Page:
Housing News Roundup: May 10, 2018 | How Housing Matters

Housing News Roundup: May 10, 2018


In the tight Bay Area rental market, senior homeowners are taking in lodgers via in-person home-sharing services. One service, Home Match, has developed a contract that requiring renters to perform at least four hours of housecleaning weekly and bypasses standard eviction processes. “I’m really enthusiastic about this approach, because it increases the housing stock without new construction and provides renters an opportunity to live in a family-like situation,” said Janet Abelson, a homeowning participant. Advocates of the approach also cite its potential to reduce social isolation.


Philadelphia’s Plan to Deal with Eviction

According to landlord eviction filings, 1 in 14 Philadelphia renters faced eviction in 2017. This month, a recently formed Taskforce on Eviction Prevention and Response released a draft report detailing recommendations focused on outreach, enforcement, and policies. “[Eviction] creates chaos and disruption in people’s lives. It creates enormous chaos in children’s lives. And we really need to keep focused on the fact that this is bigger than just a contract between two people. This is really about the health of the city and our residents,” said councilmember Helen Gym.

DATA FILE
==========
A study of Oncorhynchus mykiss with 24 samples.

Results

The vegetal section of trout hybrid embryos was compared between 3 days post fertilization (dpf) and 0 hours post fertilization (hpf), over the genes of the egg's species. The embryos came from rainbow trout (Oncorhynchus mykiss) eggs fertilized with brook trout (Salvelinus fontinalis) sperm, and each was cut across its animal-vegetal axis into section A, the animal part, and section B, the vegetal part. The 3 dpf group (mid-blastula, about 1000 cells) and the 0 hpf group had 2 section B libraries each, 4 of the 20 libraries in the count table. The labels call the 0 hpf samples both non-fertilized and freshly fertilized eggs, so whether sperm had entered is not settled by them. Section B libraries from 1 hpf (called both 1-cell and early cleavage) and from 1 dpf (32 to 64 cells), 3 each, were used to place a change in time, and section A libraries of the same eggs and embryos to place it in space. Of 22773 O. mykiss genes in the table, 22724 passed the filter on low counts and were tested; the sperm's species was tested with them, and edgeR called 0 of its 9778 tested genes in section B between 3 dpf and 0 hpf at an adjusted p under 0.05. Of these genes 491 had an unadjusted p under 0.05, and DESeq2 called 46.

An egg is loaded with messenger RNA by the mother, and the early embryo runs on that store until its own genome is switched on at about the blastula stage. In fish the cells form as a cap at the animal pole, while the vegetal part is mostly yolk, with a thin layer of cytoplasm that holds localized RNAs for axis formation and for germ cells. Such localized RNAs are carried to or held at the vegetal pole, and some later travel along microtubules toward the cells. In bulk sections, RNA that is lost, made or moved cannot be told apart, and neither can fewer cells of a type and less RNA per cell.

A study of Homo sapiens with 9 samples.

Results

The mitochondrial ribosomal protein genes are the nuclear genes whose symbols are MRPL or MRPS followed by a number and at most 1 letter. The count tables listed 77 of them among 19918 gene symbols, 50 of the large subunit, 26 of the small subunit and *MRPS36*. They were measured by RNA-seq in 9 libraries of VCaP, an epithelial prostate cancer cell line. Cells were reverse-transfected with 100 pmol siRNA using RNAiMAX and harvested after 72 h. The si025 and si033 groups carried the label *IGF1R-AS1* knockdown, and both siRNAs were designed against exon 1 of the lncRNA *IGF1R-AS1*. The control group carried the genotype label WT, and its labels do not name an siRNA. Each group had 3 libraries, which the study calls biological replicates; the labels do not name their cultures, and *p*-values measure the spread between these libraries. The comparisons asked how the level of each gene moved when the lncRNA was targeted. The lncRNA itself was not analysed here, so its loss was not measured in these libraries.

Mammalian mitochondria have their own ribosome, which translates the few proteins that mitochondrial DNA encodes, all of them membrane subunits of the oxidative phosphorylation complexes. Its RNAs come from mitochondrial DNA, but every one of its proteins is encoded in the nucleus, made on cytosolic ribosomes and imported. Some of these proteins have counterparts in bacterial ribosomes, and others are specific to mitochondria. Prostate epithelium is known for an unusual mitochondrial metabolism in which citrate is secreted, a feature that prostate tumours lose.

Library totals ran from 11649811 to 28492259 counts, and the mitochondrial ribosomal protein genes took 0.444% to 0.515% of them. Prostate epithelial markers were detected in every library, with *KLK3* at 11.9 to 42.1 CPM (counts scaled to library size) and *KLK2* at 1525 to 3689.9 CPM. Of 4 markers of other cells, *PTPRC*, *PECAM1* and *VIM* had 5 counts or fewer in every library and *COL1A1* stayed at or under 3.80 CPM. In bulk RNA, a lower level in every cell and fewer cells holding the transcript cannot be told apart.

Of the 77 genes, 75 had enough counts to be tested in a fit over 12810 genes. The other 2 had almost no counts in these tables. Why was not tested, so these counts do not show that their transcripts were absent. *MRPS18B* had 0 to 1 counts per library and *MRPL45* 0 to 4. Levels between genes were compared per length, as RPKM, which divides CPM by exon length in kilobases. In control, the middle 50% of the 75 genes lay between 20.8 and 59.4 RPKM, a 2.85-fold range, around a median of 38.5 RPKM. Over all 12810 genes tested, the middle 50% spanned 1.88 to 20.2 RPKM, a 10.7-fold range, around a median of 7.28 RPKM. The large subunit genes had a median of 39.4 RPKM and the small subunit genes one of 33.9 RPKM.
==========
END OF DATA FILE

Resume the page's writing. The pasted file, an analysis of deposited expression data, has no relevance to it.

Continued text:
Housing Advocates Sue over Recent HUD Suspension of Fair Housing Rule

This week, housing advocates filed a lawsuit in federal court against the US Department of Housing and Urban Development (HUD) over its suspension of a rule implemented in 2015 aimed at discouraging racial segregation to increase the country’s economic prosperity. “A growing body of research demonstrates that what neighborhood you grow up in matters,” said Urban Institute senior fellow Solomon Greene. “Racial segregation can limit economic prosperity for a region and its residents.”


High-Opportunity Neighborhoods Have Mental and Physical Health Benefits for Low-Income Kids

New research shows that low-income children who live in high-opportunity neighborhoods have less stress and are in better physical health than their counterparts in low-opportunity areas. The University of California, San Francisco, study explored the impact of neighborhood quality and family socioeconomic status of Bay Area kindergarteners. Author Danielle Roubinov says this speaks to “the importance of early intervention—the fact that we are seeing the effects this early suggests the need to really intervene now, if not earlier, to help put children on a healthier developmental trajectory.”


A Long Waiting List for Colorado Foster Youth Seeking Housing Assistance

105 youths who spent time in the Colorado foster system sit on a waiting list for federal housing vouchers. It takes about a year for youth—many of whom have fewer life skills than they would otherwise—to reach the top of the list. “A typical young adult is often very reliant on parents, grandparents, aunts, and uncles for life questions. How do I apply for college? How do I make a résumé? How do I tie a tie?” said Erin Medina, the manager of the United Way’s Bridging the Gap program, which helps foster youth transition to independence.